Circumcision can't protect MSM from HIV infection
By Ben Wasserman
Oct 8, 2008 - 1:19:23 PM


 

Studies of people in sub-Saharan Africa have already showed that men who had sex with women can reduce their risk of getting HIV from their female sexual partners by 40 to 60 percent.

 

The review is based on 15 studies conducted in seven countries involving 53,000 men who mostly were Caucasian and about half were circumcised.

 

Being circumcised was found to reduce the risk of getting HIV by 14 percent in MSM compared to those who were uncircumcised.   But Gregorio A. Millett and colleagues, authors of the review at Division of HIV/AIDS Prevention, Centers for Disease Control and Prevention, said the reduction was not statistically non-significant.

 

However, the authors said higher quality studies did show an positive association between circumcision and reduced odds of HIGH infection in the MSM.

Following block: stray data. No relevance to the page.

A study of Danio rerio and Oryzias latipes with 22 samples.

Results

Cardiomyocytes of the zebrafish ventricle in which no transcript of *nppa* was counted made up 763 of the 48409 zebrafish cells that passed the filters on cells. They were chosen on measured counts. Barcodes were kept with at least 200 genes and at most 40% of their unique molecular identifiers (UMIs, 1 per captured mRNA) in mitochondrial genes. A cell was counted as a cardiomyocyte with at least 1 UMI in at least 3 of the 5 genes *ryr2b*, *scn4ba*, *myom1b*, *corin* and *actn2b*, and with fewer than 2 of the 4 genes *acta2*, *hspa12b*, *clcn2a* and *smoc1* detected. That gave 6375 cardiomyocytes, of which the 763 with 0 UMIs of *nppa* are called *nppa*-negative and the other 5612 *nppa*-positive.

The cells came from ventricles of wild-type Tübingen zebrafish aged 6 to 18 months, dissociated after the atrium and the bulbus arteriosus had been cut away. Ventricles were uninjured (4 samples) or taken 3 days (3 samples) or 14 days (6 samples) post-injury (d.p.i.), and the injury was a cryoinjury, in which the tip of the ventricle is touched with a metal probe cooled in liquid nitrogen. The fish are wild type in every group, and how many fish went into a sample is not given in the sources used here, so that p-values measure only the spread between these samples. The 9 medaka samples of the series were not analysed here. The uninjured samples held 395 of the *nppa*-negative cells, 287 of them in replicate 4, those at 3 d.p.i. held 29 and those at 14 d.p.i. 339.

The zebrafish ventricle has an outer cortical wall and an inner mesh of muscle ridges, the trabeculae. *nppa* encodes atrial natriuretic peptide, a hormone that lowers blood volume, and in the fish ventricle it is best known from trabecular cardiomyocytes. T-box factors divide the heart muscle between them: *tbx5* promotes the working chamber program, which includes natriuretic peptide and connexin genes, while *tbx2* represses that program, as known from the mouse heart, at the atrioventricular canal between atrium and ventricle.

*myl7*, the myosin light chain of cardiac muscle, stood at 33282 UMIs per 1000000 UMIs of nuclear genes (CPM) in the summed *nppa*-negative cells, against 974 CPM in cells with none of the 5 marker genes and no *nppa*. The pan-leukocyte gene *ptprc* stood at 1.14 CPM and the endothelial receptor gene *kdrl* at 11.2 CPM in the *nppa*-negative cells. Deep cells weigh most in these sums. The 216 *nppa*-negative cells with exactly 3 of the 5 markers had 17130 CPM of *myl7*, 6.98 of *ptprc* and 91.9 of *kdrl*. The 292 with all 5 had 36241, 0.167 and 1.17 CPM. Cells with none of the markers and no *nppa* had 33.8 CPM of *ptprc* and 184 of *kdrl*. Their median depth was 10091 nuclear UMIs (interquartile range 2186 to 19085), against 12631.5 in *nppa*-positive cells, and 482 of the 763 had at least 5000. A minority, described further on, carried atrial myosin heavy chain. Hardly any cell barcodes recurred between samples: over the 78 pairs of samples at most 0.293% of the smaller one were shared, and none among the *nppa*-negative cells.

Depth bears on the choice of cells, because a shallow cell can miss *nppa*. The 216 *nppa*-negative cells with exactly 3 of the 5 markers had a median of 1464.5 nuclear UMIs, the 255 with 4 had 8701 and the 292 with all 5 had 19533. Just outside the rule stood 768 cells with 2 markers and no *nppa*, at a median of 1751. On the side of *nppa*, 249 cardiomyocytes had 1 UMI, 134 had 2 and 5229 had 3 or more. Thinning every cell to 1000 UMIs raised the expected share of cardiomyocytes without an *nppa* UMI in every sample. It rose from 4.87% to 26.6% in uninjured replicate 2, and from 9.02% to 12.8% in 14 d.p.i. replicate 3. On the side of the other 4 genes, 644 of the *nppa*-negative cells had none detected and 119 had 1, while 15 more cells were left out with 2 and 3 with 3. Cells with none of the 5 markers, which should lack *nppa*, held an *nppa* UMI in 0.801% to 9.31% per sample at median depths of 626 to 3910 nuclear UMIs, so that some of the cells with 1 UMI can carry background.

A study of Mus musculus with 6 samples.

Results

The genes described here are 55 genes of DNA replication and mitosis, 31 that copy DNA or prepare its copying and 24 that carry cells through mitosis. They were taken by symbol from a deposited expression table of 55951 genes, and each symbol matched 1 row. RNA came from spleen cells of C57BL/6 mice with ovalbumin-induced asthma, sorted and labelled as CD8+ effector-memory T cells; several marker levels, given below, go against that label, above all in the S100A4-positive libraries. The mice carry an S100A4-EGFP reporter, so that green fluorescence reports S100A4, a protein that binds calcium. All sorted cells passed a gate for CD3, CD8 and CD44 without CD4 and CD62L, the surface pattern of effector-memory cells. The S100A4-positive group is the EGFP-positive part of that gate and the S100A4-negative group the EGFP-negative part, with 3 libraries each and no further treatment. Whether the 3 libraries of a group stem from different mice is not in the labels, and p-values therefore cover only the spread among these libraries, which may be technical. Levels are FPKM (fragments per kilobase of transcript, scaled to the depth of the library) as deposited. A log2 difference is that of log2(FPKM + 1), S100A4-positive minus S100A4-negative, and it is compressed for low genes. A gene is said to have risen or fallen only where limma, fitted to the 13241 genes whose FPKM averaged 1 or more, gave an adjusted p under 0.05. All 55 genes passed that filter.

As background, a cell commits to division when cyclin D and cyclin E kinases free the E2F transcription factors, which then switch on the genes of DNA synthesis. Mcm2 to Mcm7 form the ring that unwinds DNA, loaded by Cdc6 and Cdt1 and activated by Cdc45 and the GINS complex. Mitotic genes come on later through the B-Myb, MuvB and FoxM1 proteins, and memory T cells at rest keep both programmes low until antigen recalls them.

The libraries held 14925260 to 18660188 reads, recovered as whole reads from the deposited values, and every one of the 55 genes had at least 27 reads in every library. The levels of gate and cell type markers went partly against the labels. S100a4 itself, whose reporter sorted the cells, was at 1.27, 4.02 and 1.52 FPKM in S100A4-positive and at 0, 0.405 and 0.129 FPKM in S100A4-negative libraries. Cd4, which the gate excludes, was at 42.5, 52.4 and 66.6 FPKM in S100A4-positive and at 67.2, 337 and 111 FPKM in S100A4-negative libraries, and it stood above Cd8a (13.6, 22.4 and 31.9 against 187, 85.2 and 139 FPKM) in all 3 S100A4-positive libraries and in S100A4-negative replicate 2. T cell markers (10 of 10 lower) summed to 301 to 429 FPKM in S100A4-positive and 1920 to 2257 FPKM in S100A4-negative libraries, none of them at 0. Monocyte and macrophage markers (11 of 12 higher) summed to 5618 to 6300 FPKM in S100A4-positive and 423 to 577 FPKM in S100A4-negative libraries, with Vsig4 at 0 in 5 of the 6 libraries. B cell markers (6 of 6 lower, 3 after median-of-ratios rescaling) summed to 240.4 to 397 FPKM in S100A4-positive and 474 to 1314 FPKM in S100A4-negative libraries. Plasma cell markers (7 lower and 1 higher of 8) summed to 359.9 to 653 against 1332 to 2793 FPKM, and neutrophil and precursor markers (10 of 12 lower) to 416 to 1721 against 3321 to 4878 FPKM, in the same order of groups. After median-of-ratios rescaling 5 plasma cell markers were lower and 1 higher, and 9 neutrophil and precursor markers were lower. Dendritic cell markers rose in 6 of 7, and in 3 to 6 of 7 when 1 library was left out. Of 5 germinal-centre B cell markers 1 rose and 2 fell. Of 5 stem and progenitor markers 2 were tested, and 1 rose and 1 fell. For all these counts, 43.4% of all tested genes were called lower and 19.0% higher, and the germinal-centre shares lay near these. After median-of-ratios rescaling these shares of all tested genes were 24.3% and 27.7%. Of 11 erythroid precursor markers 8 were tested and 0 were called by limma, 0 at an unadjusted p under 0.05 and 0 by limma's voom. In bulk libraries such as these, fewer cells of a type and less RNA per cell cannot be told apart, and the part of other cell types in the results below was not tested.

Among the MSM who primarily practiced insertive anal sex, their risk of getting HIV seemed to be lowered by 29 percent, but again the authors said that was not statistically significant.

 

Studies conducted before the introduction of highly active antiretroviral therapy showed circumcision reduced MSM's risk of getting HIV infection by 53 percent.

 

The authors said "Pooled analyses of available observational studies of MSM revealed insufficient evidence that male circumcision protects against HIV infection or other STIs."

 

"However, the comparable protective effect of male circumcision in MSM studies conducted before the era of highly active antiretroviral therapy, as in the recent male circumcision trials of heterosexual African men, supports further investigation of male circumcision for HIV prevention among MSM."

 

It should be understandable that circumcision reduces risk of HIV transmission.   The inner surface of the foreskin is made of cells that are more vulnerable to HIV invasion than cells on other parts of the penis. Removal of those sensitive cells should reduce the risk.

 

Studies did not tell the difference between the risk of HIV infection for men who practice insertive sex and the risk for men who practice receptive sex.   The authors said more research is needed to examine the possible difference.


Experts said men should not count on circumcision to reduce their risk of getting HIV infection.  Practicing safe sex is more important.